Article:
Economics as human ecology

One way of defining the science of ecology is to say it is the study of the flow of energy through a biological community.  There are food sources, environmental conditions, and various species of flora and fauna (plants and animals for those of you in Rio Linda).  They all interact, and they all tend to evolve over time.

Unique to human ecology, there's this substance called money.  Money can easily be considered equivalent to energy, such as when you're paying your utility bill or filling your gas tank.  Money voluntarily changes hands at markets.  Also, tax collectors force people to give them money.  Thieves, too, are always trying to take other people's money.  Governments often try to create money by just putting ink on paper, but then no new energy or wealth is created.

Meanwhile, energy continues to flow through the human world.  It's got to come from somewhere, and that is often found in "fossil" fuels.  Since some nerds at the University of Chicago, long ago, built an experimental device behind the campus squash court, nuclear fission has also created energy.

Surplus energy in the human ecosystem is typically stored, often in banks and various other types of investments.  Banks, in particular, can function as batteries.  They lend out surplus energy to humans and corporations that have plans to create even more energy.  These plans don't always work out, but the banks usually charge enough interest on the borrowed energy so they can, at least, break even.  They also have underwriting standards that are intended to maintain a profitable success rate.  An example of this is what is often erroneously called a "liar loan" (AKA stated income).  A prospective home-buyer can qualify for a purchase loan without providing documented proof of income.  How?  Simply by making his cash down payment 25% or more of the purchase amount.  Why?  Because, should the bank ultimately have to foreclose, it can reliably expect to recover at least 75% of the purchase amount, which is equal to the original amount of the loan.

In non-human ecological systems, surpluses are also set aside for leaner times.  Squirrels stash their nuts — and they also plant acorns, thus forming a symbiotic relationship with the oak trees.  Other mammals accumulate blubber to provide both residual energy and insulation from winter's sparse conditions.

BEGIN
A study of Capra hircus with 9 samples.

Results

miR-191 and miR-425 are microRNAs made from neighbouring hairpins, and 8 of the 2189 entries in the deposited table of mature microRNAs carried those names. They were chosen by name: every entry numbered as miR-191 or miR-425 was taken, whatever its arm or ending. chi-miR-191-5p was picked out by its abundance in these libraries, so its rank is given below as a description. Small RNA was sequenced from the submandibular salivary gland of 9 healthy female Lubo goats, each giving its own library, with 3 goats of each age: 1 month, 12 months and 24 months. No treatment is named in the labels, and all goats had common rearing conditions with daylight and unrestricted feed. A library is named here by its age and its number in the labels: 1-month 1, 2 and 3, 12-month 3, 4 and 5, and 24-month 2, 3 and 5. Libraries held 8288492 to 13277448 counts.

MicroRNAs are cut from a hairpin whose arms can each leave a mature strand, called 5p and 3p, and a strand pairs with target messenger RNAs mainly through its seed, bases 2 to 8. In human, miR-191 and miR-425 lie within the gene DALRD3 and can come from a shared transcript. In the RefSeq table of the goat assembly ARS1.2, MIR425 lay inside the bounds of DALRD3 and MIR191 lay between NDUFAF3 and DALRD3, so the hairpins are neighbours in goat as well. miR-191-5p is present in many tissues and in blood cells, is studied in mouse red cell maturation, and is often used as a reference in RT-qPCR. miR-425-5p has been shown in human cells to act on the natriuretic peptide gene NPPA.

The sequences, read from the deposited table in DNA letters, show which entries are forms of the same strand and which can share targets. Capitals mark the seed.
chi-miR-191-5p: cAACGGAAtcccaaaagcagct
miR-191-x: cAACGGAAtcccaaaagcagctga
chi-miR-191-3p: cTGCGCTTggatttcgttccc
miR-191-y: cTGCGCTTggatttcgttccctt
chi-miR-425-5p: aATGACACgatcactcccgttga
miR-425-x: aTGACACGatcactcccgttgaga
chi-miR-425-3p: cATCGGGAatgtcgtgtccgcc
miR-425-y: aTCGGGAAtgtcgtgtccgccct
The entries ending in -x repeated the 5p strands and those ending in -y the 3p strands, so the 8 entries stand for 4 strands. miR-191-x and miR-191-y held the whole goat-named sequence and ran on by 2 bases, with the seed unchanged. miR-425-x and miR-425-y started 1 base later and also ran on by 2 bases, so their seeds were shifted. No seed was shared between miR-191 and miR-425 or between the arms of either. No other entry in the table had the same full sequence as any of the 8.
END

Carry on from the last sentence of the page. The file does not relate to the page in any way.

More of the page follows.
Feedback is also a significant aspect of an ecological system.  It affects reproductive success, dispersion of the various species, and other dynamics.  Adaptation is a significant response to feedback; over time, it contributes to Darwin's "natural selection."  In the world of economics, the same dynamics also apply, as does the "social Darwinist" phrase "survival of the fittest."

Even though recessions are invariably bad news, the businesses that survive them have often become stronger competitors and are thus better able to innovate and create more wealth.  And, since it's still not a perfect world, mistakes are also sometimes made, even by supposedly really smart operators.  People still talk about the "New Coke" fiasco.

The current plague of supply chain problems has multiple causes.  One of these causes, which just happens to not be political in origin, has to do with an inherent problem with the business of retail.  Manufacturing is at the beginning of the value-added chain of events.  Distribution is next.  And then retail is way down at the tail end, where the most value has already been added and the most money is tied up in inventory.  Some years ago, using the new technology of networked computers, "just in time delivery" was adopted in order to reduce the financial burden of having to store retail inventory in warehouses.  We have just recently discovered that, although less money is tied up in inventory, due to a lack of redundancy, its flow through the economy is less durable and thus more vulnerable to interruption.

And, since conditions are never constant, obsolescence is always lurking in the shadows.  The wooly mammoth of modern economics is the brick-and-mortar business location.  Online shopping and telecommuting were already on the upswing before the pandemic appeared, and their development has since been accelerated.  The struggle for survival is a great motivator for improved efficiency, and the schemes emanating from authoritarian bureaucrats and politicians mostly just stifle evolutionary progress.

Image: PublicDomainPictures via Pixabay, Pixabay License.